The human hand is an intricate instrument, one both tough and delicate. Its functions of sensation and motion allow us to experience and interact with the world around us.
Some of the most common reasons for visits to primary care, family practice, and emergency department physicians are hand injuries and ailments. Given the complexity of the hand, it is important that patients receive a referral to a hand surgery specialist for proper evaluation and examination of their complaints. In actuality, hand surgery specialists are few in number, having completed additional training in the treatment and diagnosis of hand and upper extremity disorders after completing a plastic surgery or orthopedic surgery residency. Whether an acute injury or a progressive process, hand specialists can best discuss treatment options that maximize patient comfort and hand function.
Hand injuries seen in the emergency department are commonly the result of an accident or trauma, and they tend to involve a number of the hand’s different tissues: skin, tendon, bone, nerve, and artery. These injuries are often the result of automobile accidents, or mishaps with lawn mowers and power tools, but they can also result from slamming one’s finger in a car door, suffering a ground-level fall, or cutting one’s hand while preparing a meal. Regardless of the severity, all hand injuries require prompt medical attention and early injury identification in order to promote positive outcomes. Moreover, proper evaluation by a hand specialist is imperative to ensure that all aspects of the injury are addressed and treated.
- Trigger Finger / Tenosynovitis – Tendons are responsible for bending and extending our fingers during activity. They slide within a tunnel that keeps them close to the bones of the finger and hand, but with repeated use, friction can develop, which causes the tendons to become irritated and inflamed. This friction can become severe enough that the tendon will begin to “catch” or “lock”; patients experiencing this painful sensation will often need to use their unaffected hand to forcibly extend their finger into a working position. Initial treatment may include anti-inflammatory medications or cortisone injections, but should these not resolve the problem, surgical correction involves a short outpatient procedure with immediate return of activity for patients.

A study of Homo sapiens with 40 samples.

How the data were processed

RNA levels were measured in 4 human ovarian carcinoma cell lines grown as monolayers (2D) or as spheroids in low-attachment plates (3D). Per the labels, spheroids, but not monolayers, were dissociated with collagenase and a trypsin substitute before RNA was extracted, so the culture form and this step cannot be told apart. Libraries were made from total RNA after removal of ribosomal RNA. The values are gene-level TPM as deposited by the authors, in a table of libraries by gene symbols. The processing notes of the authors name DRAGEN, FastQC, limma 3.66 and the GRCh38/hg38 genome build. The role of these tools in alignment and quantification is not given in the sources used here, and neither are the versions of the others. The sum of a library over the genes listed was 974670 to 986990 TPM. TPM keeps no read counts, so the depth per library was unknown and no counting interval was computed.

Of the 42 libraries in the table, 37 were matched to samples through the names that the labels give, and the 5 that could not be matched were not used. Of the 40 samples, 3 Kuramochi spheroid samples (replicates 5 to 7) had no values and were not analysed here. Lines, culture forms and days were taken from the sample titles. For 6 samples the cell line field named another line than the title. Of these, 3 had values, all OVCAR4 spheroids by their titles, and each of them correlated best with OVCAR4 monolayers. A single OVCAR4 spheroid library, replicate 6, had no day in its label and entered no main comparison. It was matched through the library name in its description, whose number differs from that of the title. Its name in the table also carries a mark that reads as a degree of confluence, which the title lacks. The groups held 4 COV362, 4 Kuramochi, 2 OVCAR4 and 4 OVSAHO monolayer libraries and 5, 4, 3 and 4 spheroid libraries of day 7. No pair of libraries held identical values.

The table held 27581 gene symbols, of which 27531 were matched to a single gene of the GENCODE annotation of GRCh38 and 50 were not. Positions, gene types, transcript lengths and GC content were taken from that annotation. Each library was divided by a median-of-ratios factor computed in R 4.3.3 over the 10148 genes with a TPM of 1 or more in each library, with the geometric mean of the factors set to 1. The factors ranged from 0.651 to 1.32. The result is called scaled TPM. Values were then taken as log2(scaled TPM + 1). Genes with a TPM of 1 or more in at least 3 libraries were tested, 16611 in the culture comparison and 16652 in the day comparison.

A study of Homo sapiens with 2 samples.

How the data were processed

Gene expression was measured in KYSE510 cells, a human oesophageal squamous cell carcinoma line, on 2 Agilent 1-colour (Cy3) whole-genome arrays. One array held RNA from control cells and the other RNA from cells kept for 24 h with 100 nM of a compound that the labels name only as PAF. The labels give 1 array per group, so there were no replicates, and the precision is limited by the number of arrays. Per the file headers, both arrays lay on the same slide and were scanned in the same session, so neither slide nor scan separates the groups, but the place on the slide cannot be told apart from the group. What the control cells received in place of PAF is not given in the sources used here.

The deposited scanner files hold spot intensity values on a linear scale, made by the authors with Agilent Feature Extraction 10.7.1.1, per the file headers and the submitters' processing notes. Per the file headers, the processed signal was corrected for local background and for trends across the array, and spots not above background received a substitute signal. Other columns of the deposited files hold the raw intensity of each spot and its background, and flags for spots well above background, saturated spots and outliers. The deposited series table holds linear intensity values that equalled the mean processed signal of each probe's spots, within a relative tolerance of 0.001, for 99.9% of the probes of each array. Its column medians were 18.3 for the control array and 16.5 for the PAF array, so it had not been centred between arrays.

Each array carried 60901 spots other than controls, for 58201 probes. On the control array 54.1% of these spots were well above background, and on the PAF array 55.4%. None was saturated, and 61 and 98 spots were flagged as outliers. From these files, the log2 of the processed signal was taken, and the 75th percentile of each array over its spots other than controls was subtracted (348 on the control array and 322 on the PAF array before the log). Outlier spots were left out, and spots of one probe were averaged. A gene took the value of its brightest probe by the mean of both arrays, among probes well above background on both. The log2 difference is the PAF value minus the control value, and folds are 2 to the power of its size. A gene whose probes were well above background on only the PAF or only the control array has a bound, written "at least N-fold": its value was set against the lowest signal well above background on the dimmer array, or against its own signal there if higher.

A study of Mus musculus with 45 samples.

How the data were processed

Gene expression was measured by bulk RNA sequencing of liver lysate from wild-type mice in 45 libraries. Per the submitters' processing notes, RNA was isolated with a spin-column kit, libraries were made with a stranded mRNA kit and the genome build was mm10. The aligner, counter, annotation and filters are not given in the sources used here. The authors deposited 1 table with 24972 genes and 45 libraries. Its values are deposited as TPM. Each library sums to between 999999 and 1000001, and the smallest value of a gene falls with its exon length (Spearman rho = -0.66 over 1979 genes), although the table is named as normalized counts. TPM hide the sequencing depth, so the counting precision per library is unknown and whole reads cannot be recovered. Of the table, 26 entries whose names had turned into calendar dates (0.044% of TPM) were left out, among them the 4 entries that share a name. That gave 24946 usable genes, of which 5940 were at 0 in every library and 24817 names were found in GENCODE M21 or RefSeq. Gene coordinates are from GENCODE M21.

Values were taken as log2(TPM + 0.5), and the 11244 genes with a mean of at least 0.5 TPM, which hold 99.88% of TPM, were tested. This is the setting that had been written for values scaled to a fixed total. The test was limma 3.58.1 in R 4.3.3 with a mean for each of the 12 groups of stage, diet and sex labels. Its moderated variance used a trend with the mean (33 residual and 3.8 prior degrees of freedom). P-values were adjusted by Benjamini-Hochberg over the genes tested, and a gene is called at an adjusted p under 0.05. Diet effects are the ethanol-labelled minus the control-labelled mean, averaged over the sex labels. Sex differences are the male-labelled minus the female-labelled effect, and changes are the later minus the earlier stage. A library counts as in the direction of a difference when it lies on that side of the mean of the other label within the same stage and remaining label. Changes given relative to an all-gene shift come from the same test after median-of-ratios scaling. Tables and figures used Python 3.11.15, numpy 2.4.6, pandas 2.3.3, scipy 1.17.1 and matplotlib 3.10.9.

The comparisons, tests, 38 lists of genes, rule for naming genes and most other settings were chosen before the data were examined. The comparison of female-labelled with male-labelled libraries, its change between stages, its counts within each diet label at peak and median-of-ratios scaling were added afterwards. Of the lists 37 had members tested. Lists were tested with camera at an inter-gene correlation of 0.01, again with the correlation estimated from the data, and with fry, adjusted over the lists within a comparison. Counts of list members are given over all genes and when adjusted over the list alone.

- Ganglion Cyst – The most common benign tumor of the hand, these cysts arise from any of the joints of the fingers, hand, or wrists. Ganglion cysts have waxing and waning episodes of swelling that can cause significant pain to patients when the affected joint is used. There are both conservative and surgical treatments for ganglions.
- Carpal Tunnel/Cubital Tunnel – The most common of a series of conditions related to excessive pressure on a nerve, carpal tunnel initially presents as altered sensations to one’s fingers and hand – or the “pins and needles” numbness that one feels when a foot or leg falls asleep. Over time, patients will experience such severe numbness and pain that they are awakened from sleep and must shake their hand or allow it to dangle over the edge of the bed to find relief. If allowed to proceed further, symptoms will persist all day, and hand function can become impaired, causing weakness, pain, and loss of fine motor function and manual dexterity. Outpatient surgery to release the areas of compression can facilitate immediate relief for patients, with little down time and small incisions.
- Osteoarthritis – Much like the arthritis in one’s knees and hips, osteoarthritis – or “bone-on-bone” arthritis – develops from hand overuse in manual activities. This “wear and tear” arthritis has several medical treatment options available, including symptom relief with oral medications and injections, as well as surgical treatments like joint fusions and joint reconstructions.
- Dupuytren’s Disease – These patients see progressive scar tissue resembling ropes or cords in the palms of the hands, typically affecting the ring and long fingers. This scar tissue progressively bends the digits into the palm, and restricts their ability to straighten. Though surgery is a viable option for many of these patients, new treatments allow for administration of a medicine to dissolve the scar tissue, avoiding the need for an operation.
- DeQuervain’s Tendinitis – This tendonitis on the thumb side of the wrist can be painful and debilitating, limiting even simple pinching and twisting activities. Treatment often involves rest and anti-inflammatory medications, and often a cortisone injection. Surgical release of these tendons offers a permanent solution to the problem and can be performed in an outpatient setting.
The Nelson Center for Plastic and Reconstructive Surgery helps patients treat both traumatic and progressive hand-related issues, with the goal of minimizing pain and improving patients’ quality of work and home life.
As an Emory, Harvard, and University of Pittsburgh-trained, ASPS board-certified plastic surgeon, Dr. Castillo completed an additional year of fellowship training in diagnosing and treating ailments of the hand and upper extremity. Dr. Castillo provides patients the full breadth of hand surgery care, including evaluations of hand traumas, injuries, and progressive medical conditions like arthritis and carpal tunnel. Your hands deserve the best care, so put them into the skilled hands of our plastic hand surgeon to treat a wide range of elements.